Before Bellamy was born, I had many conversations with my husband on bad habits we needed to kick before she arrived, many centering around diet. We were healthy-ish, but we knew her two little eyes would watch our every move and help develop her perception of how she should treat her body. Wanting her to do the best with her health, we decided to clean it up and make her diet—as well as ours—a major priority.
We had an OK time with breastfeeding. It wasn’t the best experience, but much of that I attribute to my personal barriers I had to tackle. She wasn’t nursed beyond six months, and she was always getting formula, too. Determined to do better with solids, I vowed to make all her baby food. Starting with simple purees like sweet potato and carrot or green bean, pea and avocado, I made big batches in the crock pot and froze the contents in ice cube trays. Once we tackled a foundation of vegetables, we moved into berries (an easy move—she loves all berries) and eventually banana. I wasn’t keen on too much banana up front, as it’s harder to go from sweet to unsweet, in my opinion.
She sprouted teeth a little later, but she got many all at one time. (We’re talking four teeth at once in two separate waves. She is now working on No. 9!) Those chompers allowed for an introduction to tomato, cucumber, black beans, salmon and spinach quesadillas. I started realizing how true the advice is to prime your baby’s palate early. She was developing taste preferences I didn’t respond to until I was an adult. I was so pleased to watch her eat plentiful amounts of ingredients I knew worked for her benefit. I finally felt like I was doing my best for her.
Then she started putting together what certain foods were, what they looked like and how they tasted. She started showing preferences that were less-than ideal to work with. As many moms know, this can be frustrating! Not only are these ingredients expensive and time consuming to put together, but it’s a rock and a hard place to try and teach a 1-year-old that “this is dinner, and I’m not making anything else.” Telling that to your 9-year-old feels more justified than putting a baby to bed without enough grub. I’ve been caving lately and grabbing the blueberries or a piece of bread to put my mind at ease. I just try to remind myself that it takes consistency and continual effort to make good habits.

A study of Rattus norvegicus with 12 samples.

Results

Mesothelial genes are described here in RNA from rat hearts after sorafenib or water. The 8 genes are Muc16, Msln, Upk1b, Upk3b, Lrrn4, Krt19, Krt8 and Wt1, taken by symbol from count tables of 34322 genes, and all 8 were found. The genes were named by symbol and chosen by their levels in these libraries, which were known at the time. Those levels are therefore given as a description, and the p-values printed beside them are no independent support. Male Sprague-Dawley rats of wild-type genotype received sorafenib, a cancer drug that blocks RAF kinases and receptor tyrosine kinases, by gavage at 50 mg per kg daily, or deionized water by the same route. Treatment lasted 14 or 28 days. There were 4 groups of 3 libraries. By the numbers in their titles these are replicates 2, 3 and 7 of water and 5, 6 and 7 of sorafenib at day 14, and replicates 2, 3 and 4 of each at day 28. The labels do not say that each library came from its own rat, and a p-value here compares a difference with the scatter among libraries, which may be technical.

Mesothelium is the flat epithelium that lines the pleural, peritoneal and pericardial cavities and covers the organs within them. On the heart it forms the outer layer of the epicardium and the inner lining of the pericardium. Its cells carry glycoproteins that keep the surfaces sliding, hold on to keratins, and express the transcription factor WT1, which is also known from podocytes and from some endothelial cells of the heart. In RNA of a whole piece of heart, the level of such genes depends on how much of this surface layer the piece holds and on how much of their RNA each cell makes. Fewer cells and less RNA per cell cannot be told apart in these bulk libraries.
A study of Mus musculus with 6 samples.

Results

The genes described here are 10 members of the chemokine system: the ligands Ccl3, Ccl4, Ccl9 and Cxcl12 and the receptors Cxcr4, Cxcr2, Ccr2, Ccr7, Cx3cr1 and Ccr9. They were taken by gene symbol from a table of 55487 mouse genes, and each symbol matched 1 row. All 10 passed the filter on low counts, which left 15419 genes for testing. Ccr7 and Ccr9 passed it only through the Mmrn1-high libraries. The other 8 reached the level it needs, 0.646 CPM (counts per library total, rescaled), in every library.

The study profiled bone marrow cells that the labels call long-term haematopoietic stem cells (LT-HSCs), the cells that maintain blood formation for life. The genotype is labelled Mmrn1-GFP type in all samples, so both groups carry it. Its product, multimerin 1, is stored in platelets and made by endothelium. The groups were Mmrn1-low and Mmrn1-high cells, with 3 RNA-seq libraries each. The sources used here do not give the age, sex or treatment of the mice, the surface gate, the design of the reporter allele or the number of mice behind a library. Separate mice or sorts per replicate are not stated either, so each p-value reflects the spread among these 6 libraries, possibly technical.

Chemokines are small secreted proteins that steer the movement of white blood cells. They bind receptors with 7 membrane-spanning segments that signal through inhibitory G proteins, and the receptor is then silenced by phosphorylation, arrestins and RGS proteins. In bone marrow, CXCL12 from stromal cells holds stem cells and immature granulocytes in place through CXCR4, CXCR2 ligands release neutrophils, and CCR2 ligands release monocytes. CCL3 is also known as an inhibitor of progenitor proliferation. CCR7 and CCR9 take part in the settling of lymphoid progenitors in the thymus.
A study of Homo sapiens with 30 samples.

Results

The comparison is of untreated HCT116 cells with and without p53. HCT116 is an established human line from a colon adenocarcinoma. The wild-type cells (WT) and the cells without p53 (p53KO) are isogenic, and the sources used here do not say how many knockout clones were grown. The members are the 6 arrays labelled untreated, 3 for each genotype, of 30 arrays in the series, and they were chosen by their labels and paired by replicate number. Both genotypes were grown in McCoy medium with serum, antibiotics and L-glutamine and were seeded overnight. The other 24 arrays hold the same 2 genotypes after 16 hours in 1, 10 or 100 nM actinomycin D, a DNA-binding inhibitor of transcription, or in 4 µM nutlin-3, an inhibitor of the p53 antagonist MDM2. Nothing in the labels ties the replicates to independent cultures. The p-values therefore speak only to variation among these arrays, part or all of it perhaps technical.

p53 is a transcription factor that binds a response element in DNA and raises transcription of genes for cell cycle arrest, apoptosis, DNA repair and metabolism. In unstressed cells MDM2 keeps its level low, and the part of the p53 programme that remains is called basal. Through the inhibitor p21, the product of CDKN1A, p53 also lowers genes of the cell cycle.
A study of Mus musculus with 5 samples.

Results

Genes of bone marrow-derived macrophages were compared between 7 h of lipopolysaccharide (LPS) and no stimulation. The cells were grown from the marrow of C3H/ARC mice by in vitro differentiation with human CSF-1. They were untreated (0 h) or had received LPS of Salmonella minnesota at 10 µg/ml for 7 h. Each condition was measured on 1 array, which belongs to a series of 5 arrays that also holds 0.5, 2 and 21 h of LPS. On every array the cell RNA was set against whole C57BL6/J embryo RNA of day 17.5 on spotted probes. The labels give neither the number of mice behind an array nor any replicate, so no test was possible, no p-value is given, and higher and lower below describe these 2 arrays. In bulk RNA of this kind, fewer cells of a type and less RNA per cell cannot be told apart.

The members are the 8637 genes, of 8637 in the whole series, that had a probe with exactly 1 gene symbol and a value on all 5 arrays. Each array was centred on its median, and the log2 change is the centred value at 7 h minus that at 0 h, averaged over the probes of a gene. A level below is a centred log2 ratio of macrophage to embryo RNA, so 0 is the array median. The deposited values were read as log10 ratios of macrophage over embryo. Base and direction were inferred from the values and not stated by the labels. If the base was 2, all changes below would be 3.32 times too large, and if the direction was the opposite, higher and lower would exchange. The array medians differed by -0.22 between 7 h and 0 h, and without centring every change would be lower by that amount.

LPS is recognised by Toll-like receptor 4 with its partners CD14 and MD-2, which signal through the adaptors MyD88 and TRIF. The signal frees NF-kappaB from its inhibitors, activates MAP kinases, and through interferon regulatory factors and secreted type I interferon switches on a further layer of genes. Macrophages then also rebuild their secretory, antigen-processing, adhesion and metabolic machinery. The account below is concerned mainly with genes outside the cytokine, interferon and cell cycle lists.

To be honest, I do get stressed out about what she consumes. I’ve resorted to making smoothies for her most days to know she’s getting enough of the good stuff, but I worry about her just liking it because it’s sweeter than not. Ironically, I do this for myself, because I would rather blend a cup of kale than eat it raw. I’m setting the example I said I was trying to avoid, but at least it’s a smoothie—and yes, she loves them. One of her main words these days is “more.” She will take a bite or a sip of something and let me know she’s feeling it by immediately responding with, “More!” It sounds more like “muh,” but I can typically make out what she’s getting at.
It’s pretty amazing how much parents love their kids and how quickly their wellbeing becomes a consuming priority. I hope all our efforts to set her up for nutritional success will pay off, and that she will carry it with her into adulthood. That’s not to say we don’t enjoy plenty of treats, too. I took her to the farmers market the other day, and we totally shared a cookie. I’m also on a carb-loading frenzy right now (due with our second baby in less than two weeks!), so we may or may not have had most of a french baguette as a snack later at home. Oh, well! Tomorrow is a new day with another smoothie waiting.